Dollar Expected to Rebound from Jobs Data This Week


FullertonMarkets Representative

The US jobs report, due on Friday, augurs a pivotal moment for investors to assess whether surprisingly tepid job gains seen last month, were a momentary blip or the start of something more persistent.

Payrolls may have risen by 650,000 in May, according to the median estimate in a Bloomberg survey of economists. That would be a significant acceleration from the previous disappointing gain of 266,000, even though it is still a moderation from the million-plus increase originally anticipated when that last report was published.

Those high expectations drove the biggest downside miss in records dating back to 1996, according to data compiled by Bloomberg, and underscored labour-market frictions that have stemmed from reopening the world’s largest economy.

A few days before the NFP, the May ISM survey will clarify whether the unexpected dip in the April report was normal volatility around a strong trend, or the start of the slower-growth phase of the upturn. Disappointment is relative, as the March reading was the strongest since 1983. In turn, the slight dip we expect in May would still leave the index in the top-five best results since before the expansion began in 2009.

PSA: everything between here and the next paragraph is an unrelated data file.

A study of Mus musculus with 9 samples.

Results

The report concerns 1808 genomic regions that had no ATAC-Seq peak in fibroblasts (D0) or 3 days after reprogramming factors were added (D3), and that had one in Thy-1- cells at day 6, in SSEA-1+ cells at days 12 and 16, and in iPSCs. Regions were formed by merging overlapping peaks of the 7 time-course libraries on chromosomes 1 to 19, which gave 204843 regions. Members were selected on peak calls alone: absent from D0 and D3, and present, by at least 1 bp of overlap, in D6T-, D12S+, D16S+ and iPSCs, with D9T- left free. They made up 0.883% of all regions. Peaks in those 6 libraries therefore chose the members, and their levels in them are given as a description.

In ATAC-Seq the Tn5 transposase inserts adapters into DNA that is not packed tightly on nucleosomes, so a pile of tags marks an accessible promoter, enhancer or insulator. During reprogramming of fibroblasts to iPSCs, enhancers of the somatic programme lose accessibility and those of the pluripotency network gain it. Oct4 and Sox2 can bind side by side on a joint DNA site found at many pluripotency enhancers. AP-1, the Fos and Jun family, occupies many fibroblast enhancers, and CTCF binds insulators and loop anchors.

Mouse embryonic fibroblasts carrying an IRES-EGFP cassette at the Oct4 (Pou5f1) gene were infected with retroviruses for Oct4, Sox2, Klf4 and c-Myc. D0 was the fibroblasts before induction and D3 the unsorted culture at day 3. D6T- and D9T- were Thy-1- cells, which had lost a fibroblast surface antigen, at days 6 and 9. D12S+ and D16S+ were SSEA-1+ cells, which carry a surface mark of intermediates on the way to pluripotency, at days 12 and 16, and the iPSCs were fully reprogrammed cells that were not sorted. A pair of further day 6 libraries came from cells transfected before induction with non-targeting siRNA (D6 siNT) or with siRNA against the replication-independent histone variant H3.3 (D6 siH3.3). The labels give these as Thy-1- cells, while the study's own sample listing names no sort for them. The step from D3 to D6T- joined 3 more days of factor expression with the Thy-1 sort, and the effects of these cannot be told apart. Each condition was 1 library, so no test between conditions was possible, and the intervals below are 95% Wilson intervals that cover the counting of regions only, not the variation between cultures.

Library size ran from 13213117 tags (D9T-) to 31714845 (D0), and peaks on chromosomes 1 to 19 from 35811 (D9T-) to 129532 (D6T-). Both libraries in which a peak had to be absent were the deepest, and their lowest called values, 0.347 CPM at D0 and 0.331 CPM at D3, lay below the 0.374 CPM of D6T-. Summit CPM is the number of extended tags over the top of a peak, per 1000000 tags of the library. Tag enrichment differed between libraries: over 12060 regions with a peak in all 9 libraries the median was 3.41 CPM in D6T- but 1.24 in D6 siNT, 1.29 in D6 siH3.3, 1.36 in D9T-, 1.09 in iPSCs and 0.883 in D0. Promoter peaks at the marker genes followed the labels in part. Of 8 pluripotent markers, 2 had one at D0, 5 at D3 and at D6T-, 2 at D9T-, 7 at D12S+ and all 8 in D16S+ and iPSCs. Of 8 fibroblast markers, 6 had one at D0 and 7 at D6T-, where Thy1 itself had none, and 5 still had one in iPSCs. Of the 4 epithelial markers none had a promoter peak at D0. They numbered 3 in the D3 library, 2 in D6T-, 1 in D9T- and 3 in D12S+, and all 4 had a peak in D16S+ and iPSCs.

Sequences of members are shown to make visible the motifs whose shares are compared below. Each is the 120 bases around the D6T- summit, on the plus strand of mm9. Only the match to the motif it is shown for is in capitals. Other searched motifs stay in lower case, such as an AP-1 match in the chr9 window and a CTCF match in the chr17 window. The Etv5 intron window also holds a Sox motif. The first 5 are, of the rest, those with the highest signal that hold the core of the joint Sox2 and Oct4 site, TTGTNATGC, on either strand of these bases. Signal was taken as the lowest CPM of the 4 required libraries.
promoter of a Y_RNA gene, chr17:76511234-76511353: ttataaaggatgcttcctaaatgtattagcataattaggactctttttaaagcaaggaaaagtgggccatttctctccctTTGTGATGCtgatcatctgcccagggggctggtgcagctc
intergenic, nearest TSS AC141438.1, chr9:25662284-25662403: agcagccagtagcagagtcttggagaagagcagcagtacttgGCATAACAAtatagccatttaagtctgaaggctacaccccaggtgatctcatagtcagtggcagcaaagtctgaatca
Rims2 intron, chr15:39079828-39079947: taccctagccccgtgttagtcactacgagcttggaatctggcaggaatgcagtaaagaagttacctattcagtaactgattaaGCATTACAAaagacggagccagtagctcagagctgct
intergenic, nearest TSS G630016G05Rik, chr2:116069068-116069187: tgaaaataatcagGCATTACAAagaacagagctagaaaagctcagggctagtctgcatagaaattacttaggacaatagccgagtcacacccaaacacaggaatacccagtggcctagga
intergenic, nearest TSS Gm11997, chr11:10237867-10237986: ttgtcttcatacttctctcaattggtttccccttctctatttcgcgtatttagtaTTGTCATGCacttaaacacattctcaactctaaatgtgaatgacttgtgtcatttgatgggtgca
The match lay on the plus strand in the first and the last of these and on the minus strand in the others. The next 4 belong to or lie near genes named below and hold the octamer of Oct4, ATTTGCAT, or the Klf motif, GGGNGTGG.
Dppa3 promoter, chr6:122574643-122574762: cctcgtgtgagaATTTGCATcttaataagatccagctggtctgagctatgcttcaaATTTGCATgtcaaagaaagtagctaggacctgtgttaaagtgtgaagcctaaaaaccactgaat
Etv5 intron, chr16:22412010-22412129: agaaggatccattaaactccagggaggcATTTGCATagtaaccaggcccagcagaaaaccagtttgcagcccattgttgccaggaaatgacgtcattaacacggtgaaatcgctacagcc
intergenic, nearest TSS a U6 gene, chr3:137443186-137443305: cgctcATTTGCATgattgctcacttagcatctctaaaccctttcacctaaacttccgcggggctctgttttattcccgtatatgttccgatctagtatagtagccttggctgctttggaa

After a resounding disappointment in April, job growth accelerated considerably in May, as our estimates have shown. The economy is reopening at a rapid pace, resulting in growing demand for discretionary services. We expect recreation, accommodation and food services to have contributed to the bulk of net hiring in May. In addition, plants recovering from supply shortages and severe lack of housing inventory could have boosted job growth in the goods sector, following what we estimate to have been a one-off stumble in growth in April.

We anticipate unemployment rate to fall in May, despite another pick up in participation. Nevertheless, the rate of declines in joblessness is projected to slow this summer as more Americans re-join the labour force amid expiration of augmented unemployment benefits.